Montana Budget & Policy Center Selected as the New KIDS COUNT Grantee

Contact: Tara Jensen, co-director of public affairs, tjensen@montanabudget.org, 406-422-5848

Today, the Montana Budget & Policy Center (MBPC) announced that, effective January 1, 2020, MBPC will serve as the new host agency in Montana, North Dakota, and South Dakota for KIDS COUNT, a 30-year-old project of the Annie E. Casey Foundation and a premier national source of data on children and families. MBPC will be the first grantee in the country to assume the responsibilities for KIDS COUNT in a three-state regional area.

“The Montana Budget & Policy Center is honored to be selected by The Annie E. Casey Foundation to serve as the grantee for the KIDS COUNT project,” said Tara Jensen, Co-Director of Public Affairs at MPBC. “We look forward to building on the KIDS COUNT work that was done by pervious grantees over the years. This grant provides us with an opportunity establish authentic relationships and deepen our partnerships with those advocating for data-driven solutions that strengthen children and families in Montana, North Dakota, and South Dakota.”

The Montana Budget & Policy Center is a nonprofit, nonpartisan organization providing in-depth research and analysis on budget, tax, and economic issues. MBPC’s core focus is publishing credible, timely, and easy-to-understand reports on the fiscal policies that most impact Montanans living on low and moderate incomes. MBPC identifies and advocates for public policies that work for all communities, including Indian Country. More information about MBPC can be found at www.montanabudget.org.

“The Montana Budget & Policy Center is a respected, independent source for state policy information. I am thrilled they will be assuming the responsibilities of the KIDS COUNT grant and expand its work for the well-being of children and families across the state,” said Susan Hay Patrick, CEO of United Way of Missoula County.

KIDS COUNT seeks to provide state legislators, public officials, and child advocates with the reliable data, policy recommendations, and tools needed to advance sound policies that benefit children and families and to raise the visibility of children’s issues through a nonpartisan, evidence-based lens. Each year, the Foundation produces a comprehensive report — the KIDS COUNT Data Book — that assesses child well-being in the United States. The indicators featured in the Data Book are also available in the Data Center. KIDS COUNT has grantees in all 50 states and three territories.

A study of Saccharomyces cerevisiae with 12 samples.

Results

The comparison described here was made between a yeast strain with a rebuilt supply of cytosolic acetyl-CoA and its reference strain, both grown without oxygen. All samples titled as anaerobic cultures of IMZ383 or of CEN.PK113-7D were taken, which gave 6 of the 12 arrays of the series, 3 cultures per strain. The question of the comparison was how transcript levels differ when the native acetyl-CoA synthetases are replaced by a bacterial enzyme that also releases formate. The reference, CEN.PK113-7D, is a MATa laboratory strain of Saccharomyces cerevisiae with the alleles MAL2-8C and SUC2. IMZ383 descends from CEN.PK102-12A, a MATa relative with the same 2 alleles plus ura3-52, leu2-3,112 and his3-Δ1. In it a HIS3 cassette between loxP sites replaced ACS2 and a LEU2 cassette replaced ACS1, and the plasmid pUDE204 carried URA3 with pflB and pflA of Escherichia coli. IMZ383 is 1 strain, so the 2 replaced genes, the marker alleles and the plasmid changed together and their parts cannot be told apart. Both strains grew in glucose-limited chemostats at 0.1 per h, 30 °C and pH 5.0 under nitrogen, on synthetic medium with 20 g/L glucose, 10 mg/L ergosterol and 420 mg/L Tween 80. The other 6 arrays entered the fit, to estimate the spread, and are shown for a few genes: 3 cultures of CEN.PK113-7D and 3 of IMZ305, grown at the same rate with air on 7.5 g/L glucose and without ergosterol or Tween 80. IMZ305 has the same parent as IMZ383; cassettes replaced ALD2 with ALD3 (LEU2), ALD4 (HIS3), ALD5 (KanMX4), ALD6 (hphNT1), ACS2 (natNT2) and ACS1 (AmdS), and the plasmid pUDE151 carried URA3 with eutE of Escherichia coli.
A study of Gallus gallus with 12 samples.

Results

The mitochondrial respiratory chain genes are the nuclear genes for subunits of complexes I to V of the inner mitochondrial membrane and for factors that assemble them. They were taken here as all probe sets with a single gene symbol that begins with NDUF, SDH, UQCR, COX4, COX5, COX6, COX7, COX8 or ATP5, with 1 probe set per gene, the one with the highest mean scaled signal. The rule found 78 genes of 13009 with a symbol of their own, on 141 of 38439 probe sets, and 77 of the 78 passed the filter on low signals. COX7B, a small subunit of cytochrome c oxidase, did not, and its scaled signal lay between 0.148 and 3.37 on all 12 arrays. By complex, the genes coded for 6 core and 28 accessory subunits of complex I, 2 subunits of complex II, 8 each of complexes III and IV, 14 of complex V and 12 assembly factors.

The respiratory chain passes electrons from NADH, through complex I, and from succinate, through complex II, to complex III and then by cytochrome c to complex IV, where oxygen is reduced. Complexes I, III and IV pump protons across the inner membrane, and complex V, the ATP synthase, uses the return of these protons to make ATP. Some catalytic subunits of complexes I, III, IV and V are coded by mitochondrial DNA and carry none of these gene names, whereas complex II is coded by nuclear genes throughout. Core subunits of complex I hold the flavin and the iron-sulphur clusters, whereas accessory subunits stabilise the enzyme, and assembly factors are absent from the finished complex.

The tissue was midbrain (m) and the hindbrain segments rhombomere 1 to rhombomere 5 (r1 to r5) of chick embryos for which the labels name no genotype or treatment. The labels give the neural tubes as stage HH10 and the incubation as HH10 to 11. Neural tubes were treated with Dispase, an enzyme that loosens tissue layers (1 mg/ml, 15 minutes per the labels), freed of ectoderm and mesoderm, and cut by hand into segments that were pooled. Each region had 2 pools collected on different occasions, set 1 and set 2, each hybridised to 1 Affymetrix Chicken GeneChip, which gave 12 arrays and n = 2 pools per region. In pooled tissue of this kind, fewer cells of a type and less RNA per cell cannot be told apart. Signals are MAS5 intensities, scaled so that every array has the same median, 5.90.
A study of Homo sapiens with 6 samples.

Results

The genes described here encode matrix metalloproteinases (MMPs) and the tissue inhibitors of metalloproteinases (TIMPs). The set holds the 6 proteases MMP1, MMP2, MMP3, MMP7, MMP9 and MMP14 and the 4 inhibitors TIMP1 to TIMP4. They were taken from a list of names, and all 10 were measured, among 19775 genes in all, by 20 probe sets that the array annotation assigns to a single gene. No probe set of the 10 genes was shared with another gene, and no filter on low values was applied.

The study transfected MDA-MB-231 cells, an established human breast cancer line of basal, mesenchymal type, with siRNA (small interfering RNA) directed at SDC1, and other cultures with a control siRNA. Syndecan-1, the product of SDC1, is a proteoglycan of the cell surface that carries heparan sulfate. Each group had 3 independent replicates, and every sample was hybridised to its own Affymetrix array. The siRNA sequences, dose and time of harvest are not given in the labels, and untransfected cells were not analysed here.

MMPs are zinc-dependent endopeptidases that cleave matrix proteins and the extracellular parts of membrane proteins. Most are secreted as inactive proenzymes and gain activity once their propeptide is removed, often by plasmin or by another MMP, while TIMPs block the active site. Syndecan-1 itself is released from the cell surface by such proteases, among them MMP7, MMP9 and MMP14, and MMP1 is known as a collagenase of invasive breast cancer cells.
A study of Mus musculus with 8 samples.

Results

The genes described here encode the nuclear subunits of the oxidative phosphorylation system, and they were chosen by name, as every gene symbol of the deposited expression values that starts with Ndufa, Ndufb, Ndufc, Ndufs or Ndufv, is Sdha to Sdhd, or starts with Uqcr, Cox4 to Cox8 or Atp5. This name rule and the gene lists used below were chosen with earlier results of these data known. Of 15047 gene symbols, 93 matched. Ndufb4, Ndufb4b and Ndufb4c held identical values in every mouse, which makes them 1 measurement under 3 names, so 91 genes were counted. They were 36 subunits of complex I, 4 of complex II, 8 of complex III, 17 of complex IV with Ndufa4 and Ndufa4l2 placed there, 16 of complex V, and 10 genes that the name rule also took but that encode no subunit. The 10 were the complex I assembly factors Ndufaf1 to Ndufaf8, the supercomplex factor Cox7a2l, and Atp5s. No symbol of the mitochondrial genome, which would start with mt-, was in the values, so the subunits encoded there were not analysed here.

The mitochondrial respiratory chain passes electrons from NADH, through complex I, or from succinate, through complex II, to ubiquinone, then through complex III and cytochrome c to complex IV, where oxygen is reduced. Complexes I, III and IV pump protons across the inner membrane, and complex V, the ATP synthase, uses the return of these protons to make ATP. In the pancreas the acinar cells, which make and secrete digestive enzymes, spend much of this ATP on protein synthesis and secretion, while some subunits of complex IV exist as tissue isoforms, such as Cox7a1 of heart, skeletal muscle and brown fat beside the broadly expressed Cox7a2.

“We ask our 50 states and three territorial KIDS COUNT partners to use reliable data, coupled with stories and effective communications, to advance a policy advocacy agenda that will contribute to the well-being of children and families in their jurisdiction,” said Dennis J. Campa, Associate Director, State Policy Reform and Advocacy at The Annie E. Casey Foundation. “Based on Montana Budget & Policy Center’s stellar data analysis, policy advocacy reputation, and community engagement track record, we are pleased to welcome them to the KIDS COUNT network.”

In order to ensure a thoughtful transition, MBPC is conducting a survey to assess what data, issues, and policies matter to partners, what research is needed, and how MBPC can help improve the lives of children in Montana, North Dakota, and South Dakota. The survey can be found here.